Dear Dr. Don,
I have a rental property that has a mortgage balance of $36,000 and five years left before it is paid off. The rental income covers the mortgage and management fees with the exception of about $50 per month. I was thinking of taking out a home equity loan for $36,000 against my primary residence and using the proceeds to pay off the mortgage on the rental property. The idea is I would turn this property into a positive cash flow, about $500 per month after expenses, and thus allow it to generate cash for expenses such as repairs.
Is this a sound idea? Should I just leave it alone, own it outright in five years and reap the income then? Isn’t the goal of rental property to have income? And are there tax implications I’m missing? Please advise.
— Rich Restructures
While positive cash flow is a common goal of real estate investors who own income property, getting to that point by taking out a home equity loan on your primary residence is just a shell game.
You still owe and are making payments on a $36,000 loan. You’re just making them out of your household income. It’s not likely there’s much of a difference on the tax front if you can deduct the interest expense on either loan, and you can fully utilize the mortgage interest deduction on the home equity loan. But it wouldn’t hurt to run that by your accountant.
One reason to refinance your existing mortgage is to capture a lower interest rate and by doing so, reduce your total interest expense. With only five years remaining on the mortgage, refinancing to reduce total interest expense is difficult because you have to recoup the closing costs.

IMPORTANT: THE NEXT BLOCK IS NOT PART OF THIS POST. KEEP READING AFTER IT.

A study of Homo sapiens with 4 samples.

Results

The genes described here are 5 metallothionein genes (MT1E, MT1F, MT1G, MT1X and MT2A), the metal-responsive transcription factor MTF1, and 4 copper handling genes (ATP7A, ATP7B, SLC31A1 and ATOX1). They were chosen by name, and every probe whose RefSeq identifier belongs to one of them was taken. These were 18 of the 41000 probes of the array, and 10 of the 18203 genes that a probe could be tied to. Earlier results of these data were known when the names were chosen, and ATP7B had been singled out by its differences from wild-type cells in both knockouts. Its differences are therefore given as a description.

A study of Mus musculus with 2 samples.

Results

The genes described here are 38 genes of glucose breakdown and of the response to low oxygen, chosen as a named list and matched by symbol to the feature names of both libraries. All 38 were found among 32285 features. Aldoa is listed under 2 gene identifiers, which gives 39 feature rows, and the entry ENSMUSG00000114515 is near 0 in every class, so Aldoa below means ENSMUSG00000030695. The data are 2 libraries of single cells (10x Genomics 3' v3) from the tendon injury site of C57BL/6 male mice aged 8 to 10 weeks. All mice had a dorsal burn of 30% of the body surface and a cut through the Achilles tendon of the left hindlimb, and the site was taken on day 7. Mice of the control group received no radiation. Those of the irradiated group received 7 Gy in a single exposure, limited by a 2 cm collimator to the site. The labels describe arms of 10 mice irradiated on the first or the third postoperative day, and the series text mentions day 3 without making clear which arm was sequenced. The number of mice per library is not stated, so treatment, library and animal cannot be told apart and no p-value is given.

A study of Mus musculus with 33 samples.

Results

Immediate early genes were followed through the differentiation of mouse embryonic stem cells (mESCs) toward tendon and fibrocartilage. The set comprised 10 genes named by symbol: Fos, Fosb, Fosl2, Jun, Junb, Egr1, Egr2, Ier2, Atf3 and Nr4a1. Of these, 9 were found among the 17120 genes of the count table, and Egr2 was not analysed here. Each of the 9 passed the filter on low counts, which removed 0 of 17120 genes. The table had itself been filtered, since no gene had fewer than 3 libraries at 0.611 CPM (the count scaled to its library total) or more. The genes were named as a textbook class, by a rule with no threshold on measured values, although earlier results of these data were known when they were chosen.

Home equity loans typically have lower closing costs, but in today’s interest rate environment, the interest rate on these loans is substantially higher than the interest rate on a fixed-rate mortgage refinancing. As I write this, the Bankrate national average for a home equity loan is 6.77 percent and 5.51 percent for a home equity line of credit. The Bankrate national average for a 5/1 adjustable-rate mortgage is 3.2 percent and 3.44 percent for a 15-year fixed-rate mortgage.
Another reason to refinance your mortgage is to get cash out and to use it for investing, either in this property or other investments. For it to work, you have to earn a higher after-tax yield on the investments than you pay after tax on the mortgage. Major repairs can be justified this way because the price of deferred maintenance can be very high. So can the cost of making other investments.
Even when you pay off the mortgage, you still have to consider the opportunity cost of having the equity invested in real estate. You want a return on your investment. One way of getting that return is from rent payments. The other way is for the property to appreciate in value. Cash flow is just looking at the income side of the equation.